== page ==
Q1: What is measles?
Measles is an acute and serious infection caused by the measles virus. It causes a rash, with cough, runny nose, conjunctivitis and high fever. The disease is very infectious and is commonly affected young children. However, anyone can catch the viral infection at any age. It is highly contagious disease.
Q2: What causes measles?
The disease is transmitted through direct contact with an infected person or through the air when the infected person coughs or sneezes. It is so infectious that it can be transmitted easily through air.
Q3: When is measles most infectious?
The most infectious period of the measles illness is during the four days before and four days after rash onset. During the four days before rash onset the person with this infection will usually not know that he is suffering from this viral infection, therefore during this time they can easily transmit the virus. Once the rash develops people may know and during this time they are less likely to transmit the virus (although still infectious) because they are at home.
Q4: Incubation period of measles?
The incubation period ( time from exposure to the virus until the first symptoms develop is 10-12 days and from exposure to rash onset is14 days (7-18 days).
Q5: What are the symptoms of measles?
The first stage of measles includes :
-a runny nose,
-conjunctivitis (red eyes),
-a hacking cough and
-an increasing fever that comes and goes.
These symptoms usually last for 2-4 days (occasionally up to 7 days). The rash starts from day 4. It starts on the forehead and spreads downwards over the face, neck and body. The rash consists of flat red or brown blotches. It lasts about 4-7 days. There can also be diarrhea, vomiting and abdominal pain.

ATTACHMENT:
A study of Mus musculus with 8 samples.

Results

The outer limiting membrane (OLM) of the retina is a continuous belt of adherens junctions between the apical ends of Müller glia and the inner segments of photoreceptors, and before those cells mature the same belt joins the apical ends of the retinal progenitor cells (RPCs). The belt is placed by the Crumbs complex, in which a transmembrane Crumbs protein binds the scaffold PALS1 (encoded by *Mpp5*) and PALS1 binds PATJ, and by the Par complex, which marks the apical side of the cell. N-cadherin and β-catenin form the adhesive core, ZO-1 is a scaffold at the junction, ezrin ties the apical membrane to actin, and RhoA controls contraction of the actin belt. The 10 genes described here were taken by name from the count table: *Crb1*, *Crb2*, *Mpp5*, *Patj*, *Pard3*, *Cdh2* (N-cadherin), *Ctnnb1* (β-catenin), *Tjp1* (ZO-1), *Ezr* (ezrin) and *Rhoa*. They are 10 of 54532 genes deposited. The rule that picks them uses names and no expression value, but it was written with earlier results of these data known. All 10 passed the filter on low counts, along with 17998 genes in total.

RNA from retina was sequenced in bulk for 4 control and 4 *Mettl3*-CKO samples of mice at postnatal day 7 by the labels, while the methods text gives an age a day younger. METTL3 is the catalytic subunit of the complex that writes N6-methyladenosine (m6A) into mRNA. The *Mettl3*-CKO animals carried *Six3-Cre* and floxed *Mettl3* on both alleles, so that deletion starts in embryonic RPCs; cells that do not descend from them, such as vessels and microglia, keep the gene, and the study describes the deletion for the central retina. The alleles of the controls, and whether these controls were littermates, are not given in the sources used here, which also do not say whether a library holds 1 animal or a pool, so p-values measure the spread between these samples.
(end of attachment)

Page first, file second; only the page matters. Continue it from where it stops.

Q6: Are complications common with measles?
Yes, complications are quite common. They include a severe cough and breathing difficulties, ear infections, viral and bacterial lung infections (pneumonia) , and eye infections (conjunctivitis).
More serious problems involve the nervous system and are very rare. Inflammation of the brain (acute encephalitis) occurs 2-6 days after the rash has appeared. Measles infection during pregnancy can result in the loss or early birth of the baby.
Complications are most likely in infants under 12 months, those with weakened immune systems, and the malnourished.
Q7: Can measles be prevented?
A vaccine that contains measles-mumps-rubella vaccines as a combined vaccine (called MMR) is used to prevent measles (as well as mumps and rubella). The vaccine produces mild infection that does not cause disease or harm to the child. The MMR vaccine stimulates antibodies in the child to protect against the wild measles virus if the child is exposed to the virus.
Q8: How effective is MMR in preventing measles?
MMR vaccine can prevent measles in over 95% of children given MMR at or after 12 months of age.
Q9: When is MMR vaccine given?
The first dose is given at 12 months and the second dose at 4-5 years of age. MMR vaccine can also given to those who need it (not immune) at any age.
Q10: Is MMR contraindicated?
The administration of MMR vaccine is contraindicated if an individual has any of the following
Q11: What should I do if I think my child has measles?
Keep your child at home if you think that he/she might have measles. Consult your physician before the disease became complicated.
Q12: Can I get measles even if vaccinated?
Maybe, more than 93% of people who receive MMR vaccination develop immunity to measles.